By Ellen Powell, VDOF Conservation Education Coordinator
For a plant with ‘weed’ in its title, milkweed is a pretty awesome plant. It contains toxins called cardiac glyphosides, which deter feeding by most insects and mammals. Despite this trait, a milkweed plant is a little universe unto itself. In fact, one study documented more than 450 species of insects visiting milkweed in a single midwestern field.
You probably already know about the association between milkweeds and monarchs (Danaus plexippus). The caterpillars of these iconic butterflies feed only on plants in the milkweed genus, Asclepius. As a reward for this boring diet, their bodies retain the toxins produced by the plant. These persist into adulthood, making adult monarchs distasteful to most predators. The butterfly’s black and orange coloring and the caterpillar’s contrasting stripes are nature’s warning to stay away.
But monarchs aren’t the only milkweed lovers in the insect world. Currently, the only milkweed in my garden is a single large specimen of swamp milkweed, Asclepius incarnata. In June, its pink blooms were abuzz and aflutter with many different insects. (The nectar isn’t toxic and attracts all sorts of nectar feeders.) After the blooms faded, I ignored my plant for a month or two. When I examined it in September, I found, in addition to seven hungry monarch caterpillars, a few other interesting insects that feed on milkweed.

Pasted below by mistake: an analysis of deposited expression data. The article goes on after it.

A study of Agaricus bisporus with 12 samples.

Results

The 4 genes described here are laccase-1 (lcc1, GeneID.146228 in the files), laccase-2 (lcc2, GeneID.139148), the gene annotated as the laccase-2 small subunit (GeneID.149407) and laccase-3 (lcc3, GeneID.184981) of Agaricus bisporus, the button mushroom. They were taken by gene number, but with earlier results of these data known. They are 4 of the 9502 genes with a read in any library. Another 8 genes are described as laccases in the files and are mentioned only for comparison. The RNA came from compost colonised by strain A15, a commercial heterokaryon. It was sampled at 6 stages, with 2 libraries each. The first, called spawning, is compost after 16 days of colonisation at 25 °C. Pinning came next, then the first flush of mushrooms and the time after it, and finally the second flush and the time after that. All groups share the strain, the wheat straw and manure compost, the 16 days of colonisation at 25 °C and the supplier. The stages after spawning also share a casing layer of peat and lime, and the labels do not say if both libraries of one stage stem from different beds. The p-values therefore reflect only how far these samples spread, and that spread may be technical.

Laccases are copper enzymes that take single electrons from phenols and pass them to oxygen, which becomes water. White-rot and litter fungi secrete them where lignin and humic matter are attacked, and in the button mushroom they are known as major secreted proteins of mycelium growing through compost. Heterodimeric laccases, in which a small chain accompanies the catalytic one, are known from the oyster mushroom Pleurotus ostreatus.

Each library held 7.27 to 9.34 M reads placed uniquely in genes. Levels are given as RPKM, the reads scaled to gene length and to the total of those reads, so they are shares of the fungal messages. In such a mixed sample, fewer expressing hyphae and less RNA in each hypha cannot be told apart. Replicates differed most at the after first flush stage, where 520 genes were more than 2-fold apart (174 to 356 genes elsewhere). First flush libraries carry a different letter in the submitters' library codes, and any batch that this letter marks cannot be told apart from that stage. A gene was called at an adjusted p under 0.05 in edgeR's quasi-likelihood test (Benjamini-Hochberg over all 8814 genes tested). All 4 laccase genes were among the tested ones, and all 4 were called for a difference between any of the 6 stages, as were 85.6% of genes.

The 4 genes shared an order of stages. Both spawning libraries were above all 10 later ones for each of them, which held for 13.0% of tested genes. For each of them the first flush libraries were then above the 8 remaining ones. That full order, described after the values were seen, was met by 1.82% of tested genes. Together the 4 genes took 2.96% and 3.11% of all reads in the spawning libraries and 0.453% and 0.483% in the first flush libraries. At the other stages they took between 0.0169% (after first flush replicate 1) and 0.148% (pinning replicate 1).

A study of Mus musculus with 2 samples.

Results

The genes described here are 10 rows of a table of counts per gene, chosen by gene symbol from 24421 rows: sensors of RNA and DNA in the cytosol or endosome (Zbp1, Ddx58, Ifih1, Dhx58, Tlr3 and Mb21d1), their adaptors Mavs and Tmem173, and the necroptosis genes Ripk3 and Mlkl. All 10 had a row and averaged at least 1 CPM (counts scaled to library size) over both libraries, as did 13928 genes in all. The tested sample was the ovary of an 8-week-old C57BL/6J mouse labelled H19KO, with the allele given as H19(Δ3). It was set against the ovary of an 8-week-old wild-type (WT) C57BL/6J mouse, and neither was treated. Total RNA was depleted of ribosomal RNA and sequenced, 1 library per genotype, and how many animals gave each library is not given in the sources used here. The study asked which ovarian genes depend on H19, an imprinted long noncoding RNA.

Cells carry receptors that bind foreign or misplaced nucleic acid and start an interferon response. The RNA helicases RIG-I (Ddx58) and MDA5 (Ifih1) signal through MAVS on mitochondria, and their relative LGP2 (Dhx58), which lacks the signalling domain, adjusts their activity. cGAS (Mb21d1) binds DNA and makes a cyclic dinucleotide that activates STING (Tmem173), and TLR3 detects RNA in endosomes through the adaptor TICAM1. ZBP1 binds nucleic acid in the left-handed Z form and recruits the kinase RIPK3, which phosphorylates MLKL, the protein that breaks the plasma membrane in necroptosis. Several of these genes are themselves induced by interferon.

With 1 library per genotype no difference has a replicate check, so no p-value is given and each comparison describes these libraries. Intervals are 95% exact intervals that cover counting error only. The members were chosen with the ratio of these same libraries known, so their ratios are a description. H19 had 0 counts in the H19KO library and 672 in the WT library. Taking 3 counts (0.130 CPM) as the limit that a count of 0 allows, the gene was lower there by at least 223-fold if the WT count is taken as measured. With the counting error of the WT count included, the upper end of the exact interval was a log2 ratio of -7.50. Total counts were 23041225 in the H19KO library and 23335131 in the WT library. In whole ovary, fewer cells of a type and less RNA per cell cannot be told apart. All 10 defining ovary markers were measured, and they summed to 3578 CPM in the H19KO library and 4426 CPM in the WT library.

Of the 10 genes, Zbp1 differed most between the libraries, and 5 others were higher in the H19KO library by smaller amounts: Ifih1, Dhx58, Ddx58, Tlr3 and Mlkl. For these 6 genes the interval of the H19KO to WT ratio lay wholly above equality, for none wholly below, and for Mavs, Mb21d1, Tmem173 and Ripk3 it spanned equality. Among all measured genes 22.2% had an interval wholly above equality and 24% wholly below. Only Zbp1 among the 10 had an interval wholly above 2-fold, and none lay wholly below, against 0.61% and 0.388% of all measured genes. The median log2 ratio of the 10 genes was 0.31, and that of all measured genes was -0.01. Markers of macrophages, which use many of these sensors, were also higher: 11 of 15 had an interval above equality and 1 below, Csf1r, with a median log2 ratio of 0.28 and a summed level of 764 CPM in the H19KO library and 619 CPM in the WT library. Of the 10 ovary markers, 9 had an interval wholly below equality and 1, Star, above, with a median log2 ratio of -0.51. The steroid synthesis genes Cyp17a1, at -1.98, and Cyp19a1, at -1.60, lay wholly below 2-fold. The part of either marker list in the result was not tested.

Large milkweed bugs (Oncopeltus fasciatus) are “true bugs” of the order Hemiptera. They feed mainly on milkweed seeds, probing through the pods with their long piercing mouthparts to suck juices from the seeds within. Like monarchs, milkweed bugs accumulate toxins in their bodies, and like them, they sport a bold color pattern. This is an example of Müllerian mimicry, in which two or more species look alike and are both noxious to predators.
Milkweed leaf beetles (Labidomera clivicollis) look a bit like very large, chunky ladybugs. Both their larvae and adults feed on milkweed leaves. Unlike monarchs and milkweed bugs, these beetles do not build up toxins from the plants, but they do share the same contrasting colors. This is an example of Batesian mimicry, in which a tasty species mimics one that tastes bad.
My milkweed also attracted yellow aphids this year, seen in the background of the beetle photo. These are most likely oleander aphids (Aphis nerii), an introduced pest that feeds on (you guessed it) oleander in its native Mediterranean habitat.
Fourteen species of milkweed are native to Virginia. Clusters of white, pink, purple, or orange flowers bloom from late spring through late summer, depending on species. In late summer to fall, the seed pods will split to release fluffy seeds that drift away in the wind.
Many Virginia gardeners cultivate milkweeds for their flowers and for their benefit to monarchs. The summer generations of monarchs live only a few weeks, but September’s caterpillars are different. They will transform into the tough, yet lovely, butterflies that will make a 3,000-mile journey to central Mexico, hang out for the winter, and return to the U.S. in spring.
My monarch caterpillars all left the plant to pupate when I was away for a few days. I looked everywhere for their chrysalises, but in my jungle of a garden, I couldn’t find any. Hopefully they’ll all produce strong, healthy monarchs capable of making that long flight.
Monarchs are a species in trouble. Contributing factors include habitat loss on both breeding and overwintering grounds, climate change, and pesticide use. You can help by growing milkweed in your own yard. (Buying plants from a nursery is usually the best option, because milkweed seeds don’t germinate reliably.) When friends ask what that interesting plant is, don’t be afraid to tell them it’s a weed – and a very cool one!